Tuesday, October 19, 2010

More Alive Than the Living?

Vampires are often made to seem more alive than humans. They appear more beautiful and enticing than a normal human and they seem to attract both sexes very easily. This is strange to me given the fact that Van Helsing considers them undead. “You do not know that, friend John, but you shall know it later, and in trance could he best come to take more blood. In trance she dies, and in trance she is Un-Dead, too. So it is that she differ from all other. Usually when the Un-Dead sleep at home," as he spoke he made a comprehensive sweep of his arm to designate what to a vampire was `home', "their face show what they are, but this so sweet that was when she not Un-Dead she go back to the nothings of the common dead. There is no malign there, see, and so it make hard that I must kill her in her sleep." (Dracula Chapter 15) When Van Helsing is talking about Lucy being part of the undead, I think most people get about the same picture in their head. An undead (to me anyways) is a gray, sullen, skeleton looking creature that walks around and causes havoc on people. The undead they are talking about in Lucy is very different. When Lucy walks around she is floating, beautiful, and mesmerizing. I think this conflicts with many people’s view of the undead; being more alive than someone actually living. I guess this is why vampires so easily prey on humans, they attract them and gain their trust very easily. "Welcome to my house! Enter freely and of your own free will!" He made no motion of stepping to meet me, but stood like a statue, as though his gesture of welcome had fixed him into stone. The instant, however, that I had stepped over the threshold, he moved impulsively forward, and holding out his hand grasped mine with a strength which made me wince, an effect which was not lessened by the fact that it seemed cold as ice, more like the hand of a dead than a living man. Again he said.”(Dracula Chapter 2)
Some other things that seem to defy the natural definition of undead are found not only in their looks, but in their lifestyle. Vampires often seem to be extremely healthy, often being nearly indestructible. I suppose this makes sense because they are technically not “alive” in a humanistic sense of the word. If they are not alive they therefore should not be susceptible to common sicknesses or injury. Lastly I would like to point out how many vampires are given the description as very fertile. Sometimes it seems like they need sex more than real people. Overall I just think it’s a bit strange that Professor Van Helsing classifies vampires as undead. Vampires seem to be more “alive” than many of us. They are good looking, well spoken, fertile, and have, as Collen said,” Robust Health”.


  1. I really liked how you analyzed the meaning behind “undead.” And when you say, “An undead (to me anyways) is a gray, sullen, skeleton looking creature that walks around and causes havoc on people,” I can very much with that statement. However I do not really agree with you when you say that Lucy is very different from the undead. If you are referring to when Van Helsing what treating her, yes then I agree with your statement about being beautiful and mesmerizing. They even talked about how she was becoming more beautiful as she was turning into a vampire. However if you look at the Lucy that was in the cemetery killing innocent children then I would have to disagree with you. I also very much agree with your statement that vampires are “nearly indestructible” as you say later in your blog. This I find very true in every vampire story ihave ever watched or read.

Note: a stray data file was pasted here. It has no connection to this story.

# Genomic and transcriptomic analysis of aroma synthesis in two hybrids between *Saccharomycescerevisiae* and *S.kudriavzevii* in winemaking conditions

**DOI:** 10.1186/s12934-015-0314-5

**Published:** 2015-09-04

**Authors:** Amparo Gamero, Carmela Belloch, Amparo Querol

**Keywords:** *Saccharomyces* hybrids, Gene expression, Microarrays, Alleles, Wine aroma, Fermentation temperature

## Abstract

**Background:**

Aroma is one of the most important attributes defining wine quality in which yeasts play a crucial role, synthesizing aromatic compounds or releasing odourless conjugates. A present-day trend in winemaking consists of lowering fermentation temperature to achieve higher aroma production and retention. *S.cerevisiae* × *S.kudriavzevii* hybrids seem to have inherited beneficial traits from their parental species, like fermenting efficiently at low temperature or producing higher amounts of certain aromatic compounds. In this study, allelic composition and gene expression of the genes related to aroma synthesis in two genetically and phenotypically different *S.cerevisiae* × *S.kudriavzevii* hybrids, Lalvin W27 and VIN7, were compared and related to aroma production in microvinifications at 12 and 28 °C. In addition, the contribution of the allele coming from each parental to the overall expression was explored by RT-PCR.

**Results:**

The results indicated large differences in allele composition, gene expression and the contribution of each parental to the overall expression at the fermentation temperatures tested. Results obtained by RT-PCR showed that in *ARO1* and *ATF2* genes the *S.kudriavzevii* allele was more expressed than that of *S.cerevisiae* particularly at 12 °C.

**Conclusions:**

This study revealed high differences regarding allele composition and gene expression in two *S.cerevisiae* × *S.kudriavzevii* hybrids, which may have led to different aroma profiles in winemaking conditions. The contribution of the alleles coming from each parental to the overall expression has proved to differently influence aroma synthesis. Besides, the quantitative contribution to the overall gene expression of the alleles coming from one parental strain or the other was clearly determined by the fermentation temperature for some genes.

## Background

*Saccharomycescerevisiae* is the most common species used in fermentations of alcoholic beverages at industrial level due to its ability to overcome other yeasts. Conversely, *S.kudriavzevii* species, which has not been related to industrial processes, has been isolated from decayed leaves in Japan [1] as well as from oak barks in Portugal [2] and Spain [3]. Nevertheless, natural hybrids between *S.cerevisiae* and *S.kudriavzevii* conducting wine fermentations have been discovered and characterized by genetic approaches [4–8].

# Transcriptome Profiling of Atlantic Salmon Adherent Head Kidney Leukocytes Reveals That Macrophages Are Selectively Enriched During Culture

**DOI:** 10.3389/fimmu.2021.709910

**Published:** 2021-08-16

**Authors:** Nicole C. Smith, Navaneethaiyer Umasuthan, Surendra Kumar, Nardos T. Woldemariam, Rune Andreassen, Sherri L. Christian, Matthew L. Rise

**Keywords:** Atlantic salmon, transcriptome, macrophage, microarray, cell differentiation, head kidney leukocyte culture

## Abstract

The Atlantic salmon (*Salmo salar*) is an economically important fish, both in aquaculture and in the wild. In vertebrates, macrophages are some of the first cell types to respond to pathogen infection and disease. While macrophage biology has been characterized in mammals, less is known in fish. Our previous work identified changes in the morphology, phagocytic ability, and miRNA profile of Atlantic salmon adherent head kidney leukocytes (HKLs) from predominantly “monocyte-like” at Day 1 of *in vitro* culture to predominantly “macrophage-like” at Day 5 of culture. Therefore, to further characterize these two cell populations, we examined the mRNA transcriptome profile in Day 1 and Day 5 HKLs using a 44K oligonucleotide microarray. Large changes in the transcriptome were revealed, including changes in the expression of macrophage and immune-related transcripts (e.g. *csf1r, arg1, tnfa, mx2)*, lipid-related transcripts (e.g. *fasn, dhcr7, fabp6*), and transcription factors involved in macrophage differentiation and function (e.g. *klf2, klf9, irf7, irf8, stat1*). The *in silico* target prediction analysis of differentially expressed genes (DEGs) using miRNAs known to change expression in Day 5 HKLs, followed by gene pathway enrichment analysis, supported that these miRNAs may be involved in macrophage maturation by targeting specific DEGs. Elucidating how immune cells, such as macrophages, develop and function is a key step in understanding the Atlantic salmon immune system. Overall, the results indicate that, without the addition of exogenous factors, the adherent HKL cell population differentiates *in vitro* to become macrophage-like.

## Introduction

2. I agree with your analysis of the undead. Some other examples of undead in popular literature are zombies (thats what came to my mind first). They do not have the same appearance as vampires. Usually they are bloody, walk slow, and searching for people in mobs. The vampires we have encountered are the polar opposite of this characterization. Vampires are well spoken, seemingly human, and, like you pointed out, fertile. This is an interesting note, especially your assertion that they seem to need sex more than the living. I believe that this has something to do with the fact that they have cheated death and, thus, don't have the same inhibitions that the god-fearing living does.

  3. I enjoyed you bringing it back to Colleens statement of having 'robust health'. One aspect of the undead I always enjoyed was 'living death'; Dracula shows this well. The 'mesmerizing' state is much like a living death. The person is somewhat aware, living, not dying, but still not normal or alive in the traditional sense. From my research I gleamed that undead culture seems to have stemmed from colonialism into Haiti in the 17th century. At that point, there were no ideas for a living death. It is very anglo saxxon if you thinkg about it: it must be up, or it is down. It must be living, or it is dead.

  4. I like how you said that vampires are sort of seen as indestructible. And, as you pointed out, they are to sickness and most injuries.
    But they are also very vulnerable too. They have huge weaknesses in holy water, and crosses. And they are able to be injured, it just has to be in a very specific way.

    I like that vampires are portrayed at more beautiful. I think it adds to their unworldliness, but also works as a way to lure people in. As a society we are more likely to trust someone who is more attractive than someone who is not.